Life is never dull in Kuron Peace Village. There are so many little events throughout each and every day, which I ponder in my heart. God is good to me to grant such small graces — good and bad. A sampling of these follow:


I carry a little “cheat sheet” of Toposa language with me. People get a kick out of me trying to speak Ngatoposa. I asked one old guy if he knew who I was? “You are the one who learns Toposa,” he said.

Common lizards can grow over a foot long. Some are very colorful. Most typically they don’t bother you unless you trap a little one in your boot as you put it on. Then they fight like hell!

I share a latrine with six other people. I frequently find leaves on the floor. Toposa don’t usually use paper.

A 1-inch thorn went right through the sole of my new sandals and stuck me good. Luckily, no infection. Toposa walk barefoot, and I have no idea how they do it.

After my mishap, a one-legged, disabled Toposa boy made me a pair of sandals out of the old tire tread from our UNIMOG van. The soles are 8-ply nylon thread and about 0.6 inches thick! I don’t think these sandals will ever wear out! And no more worries about thorns.

I walked into the dining room at lunch. It was beans and ugali (a stiff maize flour porridge) for the umpteenth time! I lost my appetite. I was cursing under my breath when our finance assistant walked in and said, “Oh, I just love these beans and ugali. They are my favorites!” I decided I was lucky to have anything to eat at all.

One of the teachers bakes bread and sells it for a little extra income. I buy every time! I think I am paying for her kids to go to school!

A year ago, the under-5-year-olds in this village were terrified of me. Now, when I go for a walk, I am swamped with little, dirty hands reaching out to greet the Kwacha (“foreigner”). Little ones come running from over a 100 meters away just to shake my hand and use their English. “Kwacha, how are you?” … giggle, giggle … “What is your name?” … giggle, giggle … I enjoy their names: Lokii, Nadapal, Awar, Nakolong, Lopoek, Nancy …. Huh, Nancy? “You are the first Nancy Toposa I have met.” I smile at her. “Thank you” she replies … giggle, giggle…

A walk through the Napil market

I walk 15 minutes to the Napil market once a week to buy some items to support the local markets. The kids know me well. I give each of them a piece of candy if they are around. These days I never walk alone when I am in the market! Even old men follow me around to get a sweet!

Sometimes when I shop in these tin shack stores, there are only children tending the place. Last week I wanted to buy some pasta, and a boy no more than 6 years old waited on me. “How much?” I ask. “Five hundred,” he says in English. “A soda?” I ask. “One thousand,” he confidently says. “Sandals?” I continue. “Two thousand five hundred,” he rattles off. “T-shirt?” I am on a roll now. “Three thousand seven hundred,” snaps off. Here we have a 6-year old Toposa boy who has not gone to school but has memorized the price of every single item in the store! I stand quite impressed.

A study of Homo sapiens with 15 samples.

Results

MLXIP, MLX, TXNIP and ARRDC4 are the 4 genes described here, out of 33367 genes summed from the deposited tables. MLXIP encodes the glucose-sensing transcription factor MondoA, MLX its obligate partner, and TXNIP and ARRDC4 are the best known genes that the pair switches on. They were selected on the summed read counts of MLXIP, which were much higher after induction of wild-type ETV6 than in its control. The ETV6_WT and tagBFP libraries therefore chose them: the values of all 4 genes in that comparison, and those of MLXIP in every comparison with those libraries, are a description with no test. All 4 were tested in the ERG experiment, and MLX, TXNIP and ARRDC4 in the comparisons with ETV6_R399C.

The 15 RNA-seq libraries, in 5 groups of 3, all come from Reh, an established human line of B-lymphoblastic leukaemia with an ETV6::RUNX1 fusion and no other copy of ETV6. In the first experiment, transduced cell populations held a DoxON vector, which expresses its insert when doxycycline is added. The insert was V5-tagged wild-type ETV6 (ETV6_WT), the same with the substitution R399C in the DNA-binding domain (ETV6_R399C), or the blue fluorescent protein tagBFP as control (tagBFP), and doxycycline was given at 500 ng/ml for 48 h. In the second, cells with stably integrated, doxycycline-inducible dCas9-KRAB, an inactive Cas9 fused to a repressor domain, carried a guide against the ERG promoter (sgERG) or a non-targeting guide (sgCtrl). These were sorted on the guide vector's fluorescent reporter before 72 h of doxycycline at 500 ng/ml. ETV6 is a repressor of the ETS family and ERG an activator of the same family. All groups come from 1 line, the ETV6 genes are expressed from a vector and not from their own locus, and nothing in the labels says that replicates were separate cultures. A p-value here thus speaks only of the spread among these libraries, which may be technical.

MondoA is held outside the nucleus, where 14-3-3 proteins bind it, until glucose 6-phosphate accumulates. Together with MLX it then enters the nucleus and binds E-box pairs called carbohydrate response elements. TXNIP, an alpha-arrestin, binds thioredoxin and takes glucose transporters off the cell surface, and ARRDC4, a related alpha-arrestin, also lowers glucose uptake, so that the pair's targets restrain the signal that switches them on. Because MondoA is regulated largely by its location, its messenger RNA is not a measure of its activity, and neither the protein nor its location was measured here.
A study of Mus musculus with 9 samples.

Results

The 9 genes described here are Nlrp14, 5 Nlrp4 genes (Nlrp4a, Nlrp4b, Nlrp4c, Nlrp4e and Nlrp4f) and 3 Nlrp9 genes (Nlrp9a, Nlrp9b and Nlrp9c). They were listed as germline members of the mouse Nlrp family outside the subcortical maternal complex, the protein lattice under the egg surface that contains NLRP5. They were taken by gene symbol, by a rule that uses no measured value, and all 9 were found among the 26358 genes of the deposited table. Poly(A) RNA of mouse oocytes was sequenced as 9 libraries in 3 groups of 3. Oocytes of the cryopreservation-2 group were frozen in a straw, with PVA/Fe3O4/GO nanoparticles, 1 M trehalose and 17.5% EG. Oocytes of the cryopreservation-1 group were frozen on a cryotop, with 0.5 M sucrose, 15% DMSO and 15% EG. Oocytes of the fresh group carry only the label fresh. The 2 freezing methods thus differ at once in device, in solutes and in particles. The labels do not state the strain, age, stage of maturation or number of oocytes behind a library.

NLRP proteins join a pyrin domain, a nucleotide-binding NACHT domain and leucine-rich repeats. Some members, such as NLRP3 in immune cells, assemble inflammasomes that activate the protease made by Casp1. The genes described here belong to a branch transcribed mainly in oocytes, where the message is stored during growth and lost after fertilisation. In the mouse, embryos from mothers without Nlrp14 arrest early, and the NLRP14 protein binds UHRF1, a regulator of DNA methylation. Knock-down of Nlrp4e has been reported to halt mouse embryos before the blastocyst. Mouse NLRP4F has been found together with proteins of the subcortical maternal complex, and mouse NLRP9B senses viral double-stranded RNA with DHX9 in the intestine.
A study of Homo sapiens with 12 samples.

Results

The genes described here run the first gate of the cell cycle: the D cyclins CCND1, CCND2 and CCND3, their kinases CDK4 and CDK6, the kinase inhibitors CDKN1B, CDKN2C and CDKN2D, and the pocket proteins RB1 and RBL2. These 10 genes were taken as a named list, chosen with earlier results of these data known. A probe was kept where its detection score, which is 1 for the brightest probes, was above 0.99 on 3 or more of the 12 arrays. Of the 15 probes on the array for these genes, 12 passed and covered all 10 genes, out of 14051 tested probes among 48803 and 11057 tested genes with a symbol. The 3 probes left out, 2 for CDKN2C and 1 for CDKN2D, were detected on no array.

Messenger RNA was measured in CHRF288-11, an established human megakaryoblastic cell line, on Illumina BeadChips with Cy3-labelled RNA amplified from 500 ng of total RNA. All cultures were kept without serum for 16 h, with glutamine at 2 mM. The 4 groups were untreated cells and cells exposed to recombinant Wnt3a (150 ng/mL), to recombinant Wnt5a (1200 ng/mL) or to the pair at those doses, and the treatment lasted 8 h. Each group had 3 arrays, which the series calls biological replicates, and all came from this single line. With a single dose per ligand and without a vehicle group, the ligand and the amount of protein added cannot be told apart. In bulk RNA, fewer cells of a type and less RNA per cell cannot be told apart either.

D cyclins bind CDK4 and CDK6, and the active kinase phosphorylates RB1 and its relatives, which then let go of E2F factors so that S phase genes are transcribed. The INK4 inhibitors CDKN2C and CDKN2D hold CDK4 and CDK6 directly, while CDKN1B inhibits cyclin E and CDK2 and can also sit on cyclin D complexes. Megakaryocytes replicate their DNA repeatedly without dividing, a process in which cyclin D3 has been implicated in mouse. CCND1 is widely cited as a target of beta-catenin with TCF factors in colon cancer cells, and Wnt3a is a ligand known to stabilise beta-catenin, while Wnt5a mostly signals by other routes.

I like to visit the nearby villages. The people are always curious about the “white guy.” I let them touch my head. Dozens of eager hands pat my “silky smooth” hair. Even the adults love to do this as they have never experienced such hair. “Kwacha, your hair is like a cat!” …giggle, giggle…

At the Juba airport, passengers were on the runway next to the small Cessna plane, waiting to board. (South Sudan is a strange place). Everyone was standing under the wing to escape the searing heat from the sun. At that moment, the fuel truck pulls up and the guy starts fueling the plane on that very wing right above the crowd. I was the only one to move away (far away). Safety is not a priority for most people, it seems. He finished, we boarded, and off we flew. What’s the problem?

The local Toposa people in Kuron Peace Village are really impressed now. Some months ago, a person was arrested for stabbing one of the Peace Village staff and has been in prison since September. This never happened before. Now two more thieves were caught stealing wood, fuel and other supplies. Police in Kapoeta were contacted, who then arrived to take these two into custody. These two have also been taken to Kapoeta Prison. As there is no permanent police presence in Kuron, some people think they can do what they want. That attitude is changing as the local community realize Peace Village is serious about keeping the peace. It was actually the community’s suggestion to put them in prison. They, too, are fed up with their youth causing so many problems.

A poor, old lady, Abuba, gave me two eggs. This is an extreme luxury out here in the bush. Usually, all chicken eggs are allowed to hatch because there is much more food in a chicken than in an egg. I was so touched by her generosity.


I hope your life is full of little surprises too. It is a blessing to live among the Toposa people of South Sudan.

Gabe Hurrish Gabe Hurrish
Gabe Hurrish is a Maryknoll lay missioner working in the management and administration of Holy Trinity Peace Village in Kuron, South Sudan. He previously worked with Solidarity with South Sudan at the Solidarity Teacher Training College in Yambio and in their central office in Juba.